All the Boats on the Ocean: How Government Subsidies Created overfishing, 1945-1976, University of Chicago Press, 2017.
By Donald Gunderson
This book is a well-written, scholarly, and engaging history of state subsidies for the fishing industry. This carefully researched book explores the political and economic philosophies behind the subsidies that gave rise the development of those Soviet and Japanese fishing fleets that hit both coasts of the U.S. like a tsunami in the 1960’s, then mushroomed the size of U.S. “domestic” fleets in the 1970’s and 1980’s.
As Finley shows, fishing subsidies are never just about fishermen or food. They are just one component in a suite of tactics used to achieve broader (often covert) national economic and political goals. “Feeding the people” is usually a secondary goal.
The expansion of the Japanese fishing fleet after WWII was encouraged and abetted by the U.S. to help rebuild the Japanese economy and keep Japan out of the communist sphere. The Soviets expanded their fleet to show the world the superiority of communist industrial might as much as to feed their people. The U.S. stance on “Freedom of the Seas” was more about freedom of U.S. naval operations than rights for U.S. tuna fishermen to fish as close as three miles from any nation’s coast.
Finley argues that the goal of achieving MSY (maximum sustainable yield) throughout the world’s oceans was happily endorsed by diplomats who probably didn’t even understand the conceptual framework behind it. It simply buttressed their position on freedom of the seas. When the international community began to adopt 200-mile fishing zones in 1976, and MSY had achieved the status of a moral imperative in order to avoid “wasting “ fish needed by humanity, the U.S. had a new problem. It could either subsidize the expansion of its domestic fleet and harvest MSY itself, or allow foreign fleets within their new 200-mile limit. They chose the latter of course, and the dynamics of pork barrel politics insured that the domestic fleet soon became much larger than necessary.
So what was the result of all these subsidy programs? Since nobody had a clear idea of just what level of harvest might be sustainable, Japanese and Soviet distant water fishing was nothing less than a raid on global fish stocks. They quickly depleted many stocks around the world, resulting in far too many boats chasing far too few fish. The U.S. overbuilt its own fleet and depleted the stocks off the U.S. coast even further.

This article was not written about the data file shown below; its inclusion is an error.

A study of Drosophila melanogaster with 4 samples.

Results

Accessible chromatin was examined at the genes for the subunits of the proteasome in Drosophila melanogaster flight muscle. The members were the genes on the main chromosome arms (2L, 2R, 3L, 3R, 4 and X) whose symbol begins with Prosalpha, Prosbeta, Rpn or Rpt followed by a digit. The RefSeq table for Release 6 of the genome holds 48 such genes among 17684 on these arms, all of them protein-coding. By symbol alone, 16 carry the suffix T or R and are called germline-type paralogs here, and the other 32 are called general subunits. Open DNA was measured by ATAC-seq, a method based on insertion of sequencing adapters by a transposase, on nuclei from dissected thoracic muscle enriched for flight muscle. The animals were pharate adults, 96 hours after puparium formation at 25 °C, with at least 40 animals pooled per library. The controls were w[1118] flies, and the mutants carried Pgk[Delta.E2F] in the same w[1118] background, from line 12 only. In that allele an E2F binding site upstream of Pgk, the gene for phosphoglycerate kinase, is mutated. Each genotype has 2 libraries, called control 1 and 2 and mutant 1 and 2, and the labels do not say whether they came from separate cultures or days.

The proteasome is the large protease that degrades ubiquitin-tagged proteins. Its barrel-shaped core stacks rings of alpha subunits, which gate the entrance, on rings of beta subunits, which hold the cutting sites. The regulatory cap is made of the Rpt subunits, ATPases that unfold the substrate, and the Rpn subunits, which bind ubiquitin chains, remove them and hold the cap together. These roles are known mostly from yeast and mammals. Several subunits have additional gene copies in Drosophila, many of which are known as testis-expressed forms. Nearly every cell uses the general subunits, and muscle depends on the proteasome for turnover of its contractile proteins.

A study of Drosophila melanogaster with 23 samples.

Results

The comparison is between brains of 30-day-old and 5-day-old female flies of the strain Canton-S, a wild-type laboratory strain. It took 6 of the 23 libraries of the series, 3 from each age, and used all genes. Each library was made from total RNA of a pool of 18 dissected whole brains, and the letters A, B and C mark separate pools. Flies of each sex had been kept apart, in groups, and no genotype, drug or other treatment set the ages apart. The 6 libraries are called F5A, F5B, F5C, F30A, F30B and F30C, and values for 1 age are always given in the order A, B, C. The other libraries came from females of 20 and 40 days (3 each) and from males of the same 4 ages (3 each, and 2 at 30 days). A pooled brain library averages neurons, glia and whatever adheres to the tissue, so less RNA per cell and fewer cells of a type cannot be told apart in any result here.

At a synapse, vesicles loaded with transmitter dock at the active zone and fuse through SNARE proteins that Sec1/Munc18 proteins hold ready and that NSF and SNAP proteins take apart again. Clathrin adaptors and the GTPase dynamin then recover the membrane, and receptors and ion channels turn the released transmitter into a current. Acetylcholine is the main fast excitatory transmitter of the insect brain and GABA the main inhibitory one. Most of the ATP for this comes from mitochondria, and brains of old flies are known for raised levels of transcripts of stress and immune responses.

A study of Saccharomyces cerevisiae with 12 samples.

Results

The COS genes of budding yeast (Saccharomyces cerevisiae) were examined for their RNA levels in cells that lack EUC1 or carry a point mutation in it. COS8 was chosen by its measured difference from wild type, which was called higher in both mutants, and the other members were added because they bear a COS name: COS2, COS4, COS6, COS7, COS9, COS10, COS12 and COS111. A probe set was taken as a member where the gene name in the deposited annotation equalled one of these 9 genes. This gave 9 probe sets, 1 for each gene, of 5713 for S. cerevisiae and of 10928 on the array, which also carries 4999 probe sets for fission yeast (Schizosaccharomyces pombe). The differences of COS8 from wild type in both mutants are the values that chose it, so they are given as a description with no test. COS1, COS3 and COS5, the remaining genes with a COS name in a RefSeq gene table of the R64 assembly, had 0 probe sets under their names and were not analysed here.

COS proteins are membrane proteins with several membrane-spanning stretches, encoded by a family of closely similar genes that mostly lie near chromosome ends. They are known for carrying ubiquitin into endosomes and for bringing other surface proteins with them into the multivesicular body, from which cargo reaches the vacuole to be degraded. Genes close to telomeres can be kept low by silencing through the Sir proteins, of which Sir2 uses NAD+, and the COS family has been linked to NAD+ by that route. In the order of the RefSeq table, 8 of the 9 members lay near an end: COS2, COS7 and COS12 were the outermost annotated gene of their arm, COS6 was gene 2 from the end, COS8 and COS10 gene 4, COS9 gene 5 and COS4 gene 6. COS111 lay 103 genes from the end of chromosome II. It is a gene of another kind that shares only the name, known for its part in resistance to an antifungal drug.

Finley gives a broad overview of global issues, and focuses on the Pacific coast of the U.S. to show how this played out at a personal level for the fishermen, processors, and scientists there. She highlights the fate of Pacific coast “rosefish” (Pacific ocean perch) stocks, which have yet to rebuild from the overfishing that resulted.
Finley’s book shows clearly that subsidies to the fishing industry almost always develop a political life of their own, bloat the fishing fleet, and result in overfishing. They are always a bad idea if sustainable fisheries are the only policy goal—which (as Finley shows) it usually isn’t. We now know enough to ask, “What is the real goal here?” whenever such subsidies are proposed
While the book represents a thorough analysis of fisheries policies through the 1980’s, it leaves out many subsequent developments, and closes with a fairly dark assessment of the current situation. Finley suggests that more marine protected areas need to be established, and that larger spawning stocks of older females must be maintained if fisheries are to be truly sustainable.
She may be correct here, but fails to recognize that there has already been considerable progress in achieving sustainable fisheries. Overfishing on both coasts of the U.S. eventually led to the development of laws and management systems (surveys, stock assessment programs, observer programs etc.) that began the rebuilding process, and many U.S. stocks are currently being harvested at MSY levels. “Rosefish” (Pacific ocean perch) stocks have been successfully rebuilt in Alaska.
Beginning in the 1990’s, the overcapacity of many U.S. fleets was reduced through buyback programs (requiring further subsidies) and “catch sharing” programs that allocate each year’s fishing quota among the vessels that remain in the fishery.
Lee van der Voo’s 2016 book “The Fish Market: Inside the Big-Money Battle for the Ocean and your Dinner” describes the outcomes of several of these catch sharing programs, and serves as a good companion to Finley’s. Suffice it to say that most catch sharing programs have resulted in fisheries that are more sustainable and profitable, although participants with access to capital end up with the lions share of the benefits while many others are forced out of the business as collateral damage.
I strongly recommend that anyone interested in the history, science, or management of marine fisheries read both of these books. Finley’s book represents a definitive analysis of the politics of world fishing from the 1940’s through the 1980’s, with the sharpest focus on the Pacific Ocean. Van der Voo’s book explores the outcomes of several catch sharing programs that have been carried out globally since then, with a focus on the United States. Both make for fascinating reading.